Hundreds of thousands of bank customers who have had their complaints against payment protection insurance (PPI) companies turned down will soon find out if they are in line for compensation.
At 10am on Wednesday morning a crucial high court ruling will decide whether banks must examine old cases that claim customers were mis-sold the controversial form of loan cover.
About 6.5m PPI policies are sold each year, but since mid-2007 there has been a flood of complaints about policies sold when they were not needed.
The Financial Services Authority wants banks to change the way that policies are sold and to contact customers where they identify previous mis-selling.
But led by the British Bankers’ Association, banks are lobbying against changes that they say set new standards for old sales unfairly.
Although there is no official freeze on PPI mis-selling claims as there was for claims made against unauthorised overdraft fees in 2007, most banks have refused to deal with PPI claims until the final ruling.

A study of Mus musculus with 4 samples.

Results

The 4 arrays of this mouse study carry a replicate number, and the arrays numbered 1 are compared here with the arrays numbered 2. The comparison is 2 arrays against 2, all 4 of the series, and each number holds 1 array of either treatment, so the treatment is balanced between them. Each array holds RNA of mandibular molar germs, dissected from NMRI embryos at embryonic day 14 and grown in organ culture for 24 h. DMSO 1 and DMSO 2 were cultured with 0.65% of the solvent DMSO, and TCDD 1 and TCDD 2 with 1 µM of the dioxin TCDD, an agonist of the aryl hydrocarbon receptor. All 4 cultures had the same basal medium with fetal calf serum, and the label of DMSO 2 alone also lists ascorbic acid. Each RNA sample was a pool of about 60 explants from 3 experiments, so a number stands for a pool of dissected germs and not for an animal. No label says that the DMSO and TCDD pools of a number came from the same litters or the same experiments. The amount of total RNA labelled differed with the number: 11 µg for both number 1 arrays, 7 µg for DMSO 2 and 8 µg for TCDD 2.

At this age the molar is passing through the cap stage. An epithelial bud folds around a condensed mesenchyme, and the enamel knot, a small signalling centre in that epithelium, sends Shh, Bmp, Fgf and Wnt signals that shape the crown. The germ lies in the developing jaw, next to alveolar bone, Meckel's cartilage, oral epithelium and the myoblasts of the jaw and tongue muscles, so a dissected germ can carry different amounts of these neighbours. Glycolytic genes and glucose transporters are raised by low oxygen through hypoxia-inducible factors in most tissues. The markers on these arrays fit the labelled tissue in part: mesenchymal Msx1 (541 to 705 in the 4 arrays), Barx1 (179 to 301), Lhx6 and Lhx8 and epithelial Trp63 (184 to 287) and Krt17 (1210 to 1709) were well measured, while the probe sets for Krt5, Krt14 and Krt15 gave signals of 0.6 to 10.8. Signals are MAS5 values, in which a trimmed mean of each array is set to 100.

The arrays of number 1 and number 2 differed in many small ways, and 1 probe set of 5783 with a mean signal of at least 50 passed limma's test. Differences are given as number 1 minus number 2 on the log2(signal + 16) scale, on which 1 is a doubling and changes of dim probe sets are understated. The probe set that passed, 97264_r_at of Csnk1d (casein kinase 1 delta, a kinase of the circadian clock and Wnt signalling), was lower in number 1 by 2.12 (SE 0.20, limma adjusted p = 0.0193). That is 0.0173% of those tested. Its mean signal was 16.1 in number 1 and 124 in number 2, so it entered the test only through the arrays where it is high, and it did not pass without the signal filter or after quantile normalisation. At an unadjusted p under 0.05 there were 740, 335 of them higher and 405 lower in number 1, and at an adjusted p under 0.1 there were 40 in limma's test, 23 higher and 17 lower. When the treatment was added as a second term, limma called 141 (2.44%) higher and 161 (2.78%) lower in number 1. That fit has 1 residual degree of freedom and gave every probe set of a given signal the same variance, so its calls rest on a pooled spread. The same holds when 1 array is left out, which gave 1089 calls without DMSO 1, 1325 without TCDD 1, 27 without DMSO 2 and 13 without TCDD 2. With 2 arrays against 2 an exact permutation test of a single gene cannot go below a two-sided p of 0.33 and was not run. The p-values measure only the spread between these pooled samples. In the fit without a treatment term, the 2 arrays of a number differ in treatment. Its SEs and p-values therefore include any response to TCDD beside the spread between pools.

The number of complaints received by banks about PPI jumped in 2010 as media coverage of the case increased and claims management companies sprang up to demand refunds for customers.
Consumers who were refused a refund and took their case on to the independent Financial Ombudsman Services were nearly all successful. By 2009, 90 per cent of complaints were upheld.
Government-backed Lloyds Banking Group, one of the biggest providers of PPI, received an increase in complaints of almost 70 per cent in the second half of 2010.
Banks say the cost of implementing new complaint handling measures for PPI could be “substantially” more than the regulator’s estimate of £4.4bn.
US investment bank Morgan Stanley has put the cost to UK banks of PPI mis-selling at £5.1bn.
PPI is typically sold along with a financial product such as loans, and will cover the repayment of the loan if the borrower loses their job through illness or redundancy and cannot meet payments.
But around one million consumers have complained they were mis-sold the policies and either did not understand the product or were encourage to buy something they were subsequently unable to use.